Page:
Ever come across a movie that you have a warm memory of, but vague memories about the plot? Well, dear readers, that is exactly what happened when someone on my social media started doing a deep dive on the cult classic, Bring It On.
I reached into the deep recesses of my mind and tried to recall anything I could so I could keep up with the online conversation. I remember Kirsten Dunst, Gabrielle Union, and Eliza Dushku were all in it because they were all baring midriffs and my baby bi mind thought they were all purrrrrrdy. I remembered the opening sequence because it had me and my sister giggling so much in the theater we still quote parts of it to each other to this day. And I remembered a weird supposed-to-be-adorable scene where Dunst's character and her romantic interest are trying to flirt while they're brushing their teeth at the same sink? The rest was a bright puff of celluloid lost to the ether of my memory.
But then my friend's breakdown pointed out there was a male bi cheerleader. Cue the record scratch sound (we can still get away with that gag because this flick came out in 2000). Er, what? Male bi representation is rare ;" especially in modern American cinema. Was this right? I had to check it out.
In order to assess the bi+ representation, I will have to spoil some plot points of Bring It On. So if you haven't watched this parody sport film, now's the time to order it on some streaming platform or another. And if you need a refresher on what the Unicorn Scale is all about, you can take a look over at the original article.
What I Liked:
To quickly sum up: Torrance (Dunst) is the newly appointed captain of the Toros, national champions five years running. When one cheerleader falls sick and needs to be replaced, the spunky newcomer Missy (Dushku) reveals to Torrance that all of her team's previous cheers were shamelessly stolen by the former captain from the East Compton Clovers, now led by Isis (Union). Will Torrance come up with a new game plan in order to defend the team's reigning title?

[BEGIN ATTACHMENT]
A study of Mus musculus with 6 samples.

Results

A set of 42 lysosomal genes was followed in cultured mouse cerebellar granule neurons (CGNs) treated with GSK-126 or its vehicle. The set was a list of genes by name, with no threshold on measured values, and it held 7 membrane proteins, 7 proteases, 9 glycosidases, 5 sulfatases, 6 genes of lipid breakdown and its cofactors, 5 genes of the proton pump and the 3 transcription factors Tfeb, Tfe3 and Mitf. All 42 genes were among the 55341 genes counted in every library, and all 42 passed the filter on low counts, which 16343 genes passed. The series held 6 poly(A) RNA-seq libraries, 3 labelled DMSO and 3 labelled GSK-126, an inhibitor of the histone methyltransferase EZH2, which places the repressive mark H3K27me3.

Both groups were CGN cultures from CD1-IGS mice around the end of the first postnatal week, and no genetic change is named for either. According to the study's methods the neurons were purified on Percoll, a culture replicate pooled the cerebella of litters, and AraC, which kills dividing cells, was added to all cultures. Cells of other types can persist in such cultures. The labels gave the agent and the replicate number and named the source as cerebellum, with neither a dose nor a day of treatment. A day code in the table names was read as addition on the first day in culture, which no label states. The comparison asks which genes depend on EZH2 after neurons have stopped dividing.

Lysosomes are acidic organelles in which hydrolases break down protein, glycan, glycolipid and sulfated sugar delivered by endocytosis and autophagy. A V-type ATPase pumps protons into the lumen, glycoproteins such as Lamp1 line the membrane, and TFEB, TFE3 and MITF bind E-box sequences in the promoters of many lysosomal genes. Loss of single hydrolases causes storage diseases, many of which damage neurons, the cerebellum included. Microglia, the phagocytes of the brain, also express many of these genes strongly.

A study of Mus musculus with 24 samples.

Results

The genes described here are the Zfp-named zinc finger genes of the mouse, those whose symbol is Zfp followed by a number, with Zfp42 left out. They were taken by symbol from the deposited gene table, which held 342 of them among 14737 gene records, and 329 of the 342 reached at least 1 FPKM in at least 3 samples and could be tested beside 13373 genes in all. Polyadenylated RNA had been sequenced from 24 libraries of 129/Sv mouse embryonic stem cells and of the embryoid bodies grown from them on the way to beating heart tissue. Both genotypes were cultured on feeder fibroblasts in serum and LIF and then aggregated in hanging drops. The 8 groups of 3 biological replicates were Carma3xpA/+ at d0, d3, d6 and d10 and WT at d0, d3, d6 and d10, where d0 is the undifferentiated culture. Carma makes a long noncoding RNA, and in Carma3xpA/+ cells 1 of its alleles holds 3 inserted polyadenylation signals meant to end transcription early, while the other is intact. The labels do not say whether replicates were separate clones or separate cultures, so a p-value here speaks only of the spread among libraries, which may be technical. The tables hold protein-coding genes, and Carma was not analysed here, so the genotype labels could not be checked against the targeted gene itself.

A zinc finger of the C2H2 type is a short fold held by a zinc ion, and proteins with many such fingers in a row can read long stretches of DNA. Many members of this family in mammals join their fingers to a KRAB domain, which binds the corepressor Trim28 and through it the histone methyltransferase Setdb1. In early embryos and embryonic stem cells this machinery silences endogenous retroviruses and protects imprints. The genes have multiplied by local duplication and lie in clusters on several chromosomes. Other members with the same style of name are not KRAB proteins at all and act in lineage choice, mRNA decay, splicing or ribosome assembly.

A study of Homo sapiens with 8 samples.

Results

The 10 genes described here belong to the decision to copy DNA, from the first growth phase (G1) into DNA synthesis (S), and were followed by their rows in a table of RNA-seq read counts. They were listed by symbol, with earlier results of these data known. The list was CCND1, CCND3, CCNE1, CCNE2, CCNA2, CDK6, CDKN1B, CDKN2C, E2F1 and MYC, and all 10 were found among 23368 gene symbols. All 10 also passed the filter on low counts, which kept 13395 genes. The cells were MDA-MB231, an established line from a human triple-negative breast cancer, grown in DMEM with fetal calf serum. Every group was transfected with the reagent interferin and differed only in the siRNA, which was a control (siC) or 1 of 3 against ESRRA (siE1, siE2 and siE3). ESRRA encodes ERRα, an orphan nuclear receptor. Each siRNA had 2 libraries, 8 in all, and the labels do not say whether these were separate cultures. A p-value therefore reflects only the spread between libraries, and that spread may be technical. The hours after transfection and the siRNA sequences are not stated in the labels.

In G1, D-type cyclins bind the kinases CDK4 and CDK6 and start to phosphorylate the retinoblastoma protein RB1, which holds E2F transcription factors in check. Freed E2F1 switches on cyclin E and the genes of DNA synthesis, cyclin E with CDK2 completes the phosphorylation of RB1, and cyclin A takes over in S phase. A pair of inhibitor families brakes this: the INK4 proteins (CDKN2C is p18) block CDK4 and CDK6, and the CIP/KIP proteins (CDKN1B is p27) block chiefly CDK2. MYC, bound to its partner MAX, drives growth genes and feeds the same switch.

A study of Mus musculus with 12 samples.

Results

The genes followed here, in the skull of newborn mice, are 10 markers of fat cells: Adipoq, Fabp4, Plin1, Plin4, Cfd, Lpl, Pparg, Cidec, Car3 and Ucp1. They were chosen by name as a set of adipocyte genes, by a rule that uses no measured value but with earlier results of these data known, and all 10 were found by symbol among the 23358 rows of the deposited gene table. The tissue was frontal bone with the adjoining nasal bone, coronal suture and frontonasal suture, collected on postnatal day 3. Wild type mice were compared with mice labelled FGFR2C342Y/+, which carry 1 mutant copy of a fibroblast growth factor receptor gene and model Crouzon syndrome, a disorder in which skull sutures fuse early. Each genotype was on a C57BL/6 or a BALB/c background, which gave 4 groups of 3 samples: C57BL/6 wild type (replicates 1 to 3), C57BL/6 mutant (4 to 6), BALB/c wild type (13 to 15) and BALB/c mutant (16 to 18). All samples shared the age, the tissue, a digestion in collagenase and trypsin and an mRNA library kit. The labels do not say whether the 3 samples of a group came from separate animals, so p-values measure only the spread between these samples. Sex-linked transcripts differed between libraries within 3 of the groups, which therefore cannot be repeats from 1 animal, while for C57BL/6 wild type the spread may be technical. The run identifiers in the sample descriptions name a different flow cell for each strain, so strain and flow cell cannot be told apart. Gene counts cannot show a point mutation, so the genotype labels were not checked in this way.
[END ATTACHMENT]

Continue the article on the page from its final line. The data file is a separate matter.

There's a lot to like about this movie, a (ahem) cheery parody of the competitive world of high school cheerleading. The writing is sharp, the direction light, and the performances winning - especially giving the culture some memorable zingers (This isn't a democracy, it's a cheer-ocracy). There is a lot of subversion going on underneath its sunny surface, and the whole film moves along at a pleasant clip.
The story makes sure to give certain social issues some of the spotlight. The crux of the plot rests on Torrance owning up to, and no longer relying on, the cultural appropriation of her predecessor. Considering Bring It On, this is heavier fare than a typical early 2000s teen comedy takes on. And the story does so with aplomb, respect, and fun. Not an easy feat.
What I Didn't Like:
But wait a minute;¦what about this bi character? Well, honestly, I found that argument for the male cheerleader, Les (Huntley Ridder), a bit thin. Les declares his orientation is "controversial" he never actually comes out as bi, queer, or anything else underneath the bi umbrella. We do get a sweet scene of Les flirting with another male cheerleader at the finals, but nothing of his hetero attractions (if he harbors any). He reads to me much more as gay than bi, but I'll give a very cautious pass since his coming-out relies on his use of the term "controversial", which is up to interpretation.
Still, considering this movie came out a mere two years after the death of Matthew Shepard and after decades of no homo jokes in teen flicks, witnessing a same-sex attraction in such light fare normalized (and done so years before Brokeback) feels nothing short of a watershed moment. I unconsciously busted out my spirit fingers!
Even beyond the representation part, parts of Bring It On do not age well. There is a ton of slut-shaming and body-shaming. The term f----- is dropped more times than I can remember, past the point of necessity to subvert expectations about orientation of cheer members. There is a particularly horrifying running joke that one of the male cheerleaders is straight and uses his time lifting the girls as chances to feel them up without their consent. And he does it as a form of flirtation.
Nope, not ok. Never was, but it skated along as funny for decades. Do not pass go, do not collect 200 pom-poms.
I so wanted to give Bring It On a higher rating for nostalgia's sake. Maybe I missed something while I grabbed a glass of water, but it didn't sound like I missed any showings of a bi gaze. While Les is a perfectly fine tertiary character that was lucky enough to get a same-sex romantic scene during the time of puka shell necklaces, the bi argument is thin at best. It's still campy fun, but not exactly perfect queer fare. Watch it for the cultural references, but not for B-I-S-E-X-U-A-L-S.